Like The Matrix, you cannot be told what this is. Words cannot describe it. It must be experienced. You must immerse yourself in it to feel the awesomeness. Soak it in: Seriously,The most awesome thing to come out of India - ever

The Learning Circuits Blog: Homeschooling and the Creative Class Hm... Until a few years ago, I didn't know much about homeschooling. Then I met my wife. Her brother and sister wereHomeschooling and education

First, sorry about the absence of new posts lately. Plenty has been going on, I've just been too tired to write about it. Anyway... on to the review! The Rocky seriesReview: Rocky II

It's a popular debate lately: are these social networking sites (Facebook, Twitter, MySpace, etc.) bad for us? Recently an Oxford professor, Baroness Susan Greenfield, made some rather provocative speculations aboutTuesday TubeWatch: Social networking will eat your brain!

Created on Toonlet.comCartoon Caddick

In my last post, I mentioned a definition of e-Learning I wrote a few years ago. For the record, this is what I said: How do you define e-learning? What areDefining e-Learning

H&R Block - Top 10 Overlooked Credits & Deductions Here's a good list to keep in mind as we get ready to pony up for Uncle Sam's benificence. [tags]US taxes, april 15th,H&R Block - Top 10 Overlooked Credits & Deductions

To review: I’m talking about an article on ZDNet that tries to make the case for streaming first-run movies to a home theater. In the first part, I laid out the argument theyMovie Theater vs. Home Theater (part 3)

I heard about a Tron sequel a long time ago, but haven't heard much about it since and forgot that it was in the works. I'm not sure how ITron: Legacy trailer from Comic-Con - Tuesday TubeWatch

Why Collaborative Storyboard Technology Is Mission Critical This is an excellent article extolling the virtues of collaboration for storyboarding your courses (and a little push for storyboarding itself). It doesn't specificallyCollaborative Storyboarding

The Ultimate Cheapskate’s Book Contest ∞ Get Rich Slowly Get Rich Slowly is running a contest for a free copy of the Ultimate Cheapskate book. You have to enter a trueFrugality gone wild!

It's time for my annual(ish) list of movies I want to catch this year. Strap in and let the trailers wash over you like pure adrenalin. (Not that I know whatMovieWatch 2013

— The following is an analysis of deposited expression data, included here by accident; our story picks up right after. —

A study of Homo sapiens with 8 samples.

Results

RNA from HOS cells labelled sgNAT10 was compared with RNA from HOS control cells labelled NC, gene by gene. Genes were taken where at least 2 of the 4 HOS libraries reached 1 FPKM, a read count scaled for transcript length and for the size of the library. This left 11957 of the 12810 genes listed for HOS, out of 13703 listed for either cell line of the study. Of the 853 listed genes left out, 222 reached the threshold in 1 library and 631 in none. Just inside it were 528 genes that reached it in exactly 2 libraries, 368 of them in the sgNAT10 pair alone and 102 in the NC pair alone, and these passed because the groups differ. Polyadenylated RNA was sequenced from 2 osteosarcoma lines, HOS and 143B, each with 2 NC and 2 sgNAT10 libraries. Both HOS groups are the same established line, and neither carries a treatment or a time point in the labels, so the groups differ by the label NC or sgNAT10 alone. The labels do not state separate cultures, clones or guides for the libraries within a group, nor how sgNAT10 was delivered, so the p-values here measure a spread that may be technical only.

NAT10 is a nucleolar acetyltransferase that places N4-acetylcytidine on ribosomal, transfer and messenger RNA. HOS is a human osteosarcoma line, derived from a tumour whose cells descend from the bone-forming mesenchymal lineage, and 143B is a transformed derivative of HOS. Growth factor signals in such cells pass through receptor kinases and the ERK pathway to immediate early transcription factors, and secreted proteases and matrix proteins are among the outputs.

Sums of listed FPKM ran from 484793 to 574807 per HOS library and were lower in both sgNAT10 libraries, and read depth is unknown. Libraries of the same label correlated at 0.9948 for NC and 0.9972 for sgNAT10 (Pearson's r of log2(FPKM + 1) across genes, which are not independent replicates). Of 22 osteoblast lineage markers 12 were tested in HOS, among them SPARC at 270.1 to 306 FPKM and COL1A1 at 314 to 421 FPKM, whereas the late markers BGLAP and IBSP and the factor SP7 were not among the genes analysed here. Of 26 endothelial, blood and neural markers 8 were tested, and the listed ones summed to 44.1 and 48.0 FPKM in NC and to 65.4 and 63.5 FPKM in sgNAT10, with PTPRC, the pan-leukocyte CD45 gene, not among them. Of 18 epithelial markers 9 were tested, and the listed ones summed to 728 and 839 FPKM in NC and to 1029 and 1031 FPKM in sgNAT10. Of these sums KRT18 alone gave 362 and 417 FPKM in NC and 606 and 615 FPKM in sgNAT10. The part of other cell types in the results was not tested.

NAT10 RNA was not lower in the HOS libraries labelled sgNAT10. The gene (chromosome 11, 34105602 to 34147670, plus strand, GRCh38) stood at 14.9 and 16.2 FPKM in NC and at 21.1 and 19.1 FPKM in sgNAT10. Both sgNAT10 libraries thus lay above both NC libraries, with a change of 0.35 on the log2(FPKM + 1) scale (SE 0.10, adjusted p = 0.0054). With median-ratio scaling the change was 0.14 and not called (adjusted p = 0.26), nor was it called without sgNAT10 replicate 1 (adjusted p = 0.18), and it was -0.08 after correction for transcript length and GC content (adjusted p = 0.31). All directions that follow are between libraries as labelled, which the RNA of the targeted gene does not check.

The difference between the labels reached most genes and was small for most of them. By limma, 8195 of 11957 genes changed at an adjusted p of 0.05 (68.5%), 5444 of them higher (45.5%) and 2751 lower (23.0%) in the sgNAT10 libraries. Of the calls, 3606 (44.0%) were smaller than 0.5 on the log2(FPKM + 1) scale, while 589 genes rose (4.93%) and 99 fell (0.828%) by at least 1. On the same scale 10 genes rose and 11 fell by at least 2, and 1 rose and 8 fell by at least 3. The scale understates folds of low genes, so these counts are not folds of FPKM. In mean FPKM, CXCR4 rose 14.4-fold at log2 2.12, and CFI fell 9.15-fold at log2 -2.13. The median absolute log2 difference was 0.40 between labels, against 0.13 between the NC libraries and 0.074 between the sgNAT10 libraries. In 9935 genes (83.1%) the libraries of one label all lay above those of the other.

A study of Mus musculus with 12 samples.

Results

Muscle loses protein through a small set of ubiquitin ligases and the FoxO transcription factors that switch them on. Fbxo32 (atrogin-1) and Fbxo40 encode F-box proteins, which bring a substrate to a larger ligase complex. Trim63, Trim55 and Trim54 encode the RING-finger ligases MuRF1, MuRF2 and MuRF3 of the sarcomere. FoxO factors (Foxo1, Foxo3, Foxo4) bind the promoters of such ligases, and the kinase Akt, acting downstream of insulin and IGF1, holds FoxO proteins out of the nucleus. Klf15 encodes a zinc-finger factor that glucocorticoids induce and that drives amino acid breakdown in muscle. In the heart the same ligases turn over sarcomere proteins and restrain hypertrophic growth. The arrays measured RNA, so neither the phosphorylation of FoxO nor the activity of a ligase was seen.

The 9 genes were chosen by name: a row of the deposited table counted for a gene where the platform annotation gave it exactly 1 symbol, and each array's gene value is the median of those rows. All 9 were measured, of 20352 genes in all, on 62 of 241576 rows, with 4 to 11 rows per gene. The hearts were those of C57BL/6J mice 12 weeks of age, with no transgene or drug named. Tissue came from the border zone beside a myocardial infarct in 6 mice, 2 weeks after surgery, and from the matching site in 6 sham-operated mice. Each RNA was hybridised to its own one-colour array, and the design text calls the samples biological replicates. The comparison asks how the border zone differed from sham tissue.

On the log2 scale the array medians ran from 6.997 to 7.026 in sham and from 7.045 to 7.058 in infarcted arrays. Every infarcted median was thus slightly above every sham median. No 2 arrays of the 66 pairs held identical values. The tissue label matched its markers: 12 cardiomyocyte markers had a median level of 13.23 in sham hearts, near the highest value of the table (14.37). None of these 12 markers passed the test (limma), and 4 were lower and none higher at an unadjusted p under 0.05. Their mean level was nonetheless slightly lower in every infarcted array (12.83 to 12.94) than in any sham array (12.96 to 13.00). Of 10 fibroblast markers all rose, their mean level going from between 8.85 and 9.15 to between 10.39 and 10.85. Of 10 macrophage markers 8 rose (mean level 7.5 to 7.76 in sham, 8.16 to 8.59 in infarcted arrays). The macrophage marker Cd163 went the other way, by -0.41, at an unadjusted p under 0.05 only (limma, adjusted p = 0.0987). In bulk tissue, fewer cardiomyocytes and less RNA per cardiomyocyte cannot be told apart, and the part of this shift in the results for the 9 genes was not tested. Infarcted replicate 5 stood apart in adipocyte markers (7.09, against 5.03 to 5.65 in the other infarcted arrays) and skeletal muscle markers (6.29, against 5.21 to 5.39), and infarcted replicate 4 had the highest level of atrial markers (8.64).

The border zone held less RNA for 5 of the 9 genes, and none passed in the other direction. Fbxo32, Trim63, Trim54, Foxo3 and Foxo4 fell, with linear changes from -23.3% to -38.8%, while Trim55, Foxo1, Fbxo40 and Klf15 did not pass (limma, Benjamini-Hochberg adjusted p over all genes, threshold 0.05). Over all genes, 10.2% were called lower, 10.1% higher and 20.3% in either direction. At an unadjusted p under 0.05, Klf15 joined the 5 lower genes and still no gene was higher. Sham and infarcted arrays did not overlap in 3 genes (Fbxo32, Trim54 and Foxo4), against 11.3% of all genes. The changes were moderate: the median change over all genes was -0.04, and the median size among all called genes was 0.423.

Let's face it... some stereotypes exist for a reason. Even among native English speakers, in general, programmers are not known for their English skills. I know a few who buckProgrammer English

I was giving Heroes the benefit of the doubt. Sure, they'd stumbled. The brother/sister Mexican road trip last season was a big mistake. This season was an improvement for a"Heroes" hits bottom and grabs for the shovel

America’s schools ineffective? Challenges for corporate learning

Parkin’s Lot: Stupid in America

Godfrey Parkin takes the notion (supported by a study) that America’s public schools, on average, produce substandard education, and applies it to corporate environments.

As he says, the condemnation of America’s school system is nothing new. I’ve heard it all my life. In fact, my friends even joke about understanding things “despite our public school education.” The study lists the usual reasons: lack of funding, teacher-student ratios, lack of teacher effectiveness measurement, etc.

One interesting point he makes about funding that I hadn’t heard before:

. . . there is evidence to show that more money often leads to poorer performance – schools tend to spend budget increases on offices, sports facilities, computers, security systems and so on, rather than on better teachers and better educational processes. By contrast, smaller low-budget schools led by passionate educators who have no computers, gyms, or even janitors are producing exceptional results.

Though sad, that makes sense to me. When you don’t have money for the bells and whistles, you focus on the essentials.

Here’s the best part of his post, though:

I don’t buy the argument that the blame for the dumbing-down of America’s youth falls exclusively on the educational system. It seems clear to me that culture, particularly the culture in the family, has failed to instill a strong enough veneration for learning and corresponding intellectual curiosity. Parents abdicate responsibility for educating their kids, particularly when they get a little difficult in their early teens. It is easier to concoct a host of external reasons for a child’s learning problems than to acknowledge personal failure. But learning takes place within an evolving ecosystem, not in isolated instances.

Companies make the same mistake – they think that performance problems should be solved by training, and if that doesn’t work, training gets the blame. How many times do we hear trainers bemoan the fact that the environment to which trainees return almost guarantees that what was learned will never be reinforced or applied? It was only after I left school that I understood the real purpose of homework was not to keep me from going fishing, but to get my parents engaged in the education process. We should do more to integrate learning with the workplace and engage managers and the immediate “work family” in supporting the ongoing development of new skills. Blended learning should blend what happens in class or online with what happens back at work, and that means getting the learners’ immediate colleagues engaged as a support network.

Corporate training departments need to find ways to get more informal learning happening in their organizations. The biggest problem with that, though, is measuring it so they can justify their existence (and I firmly believe they do need to exist). Tough to pull off.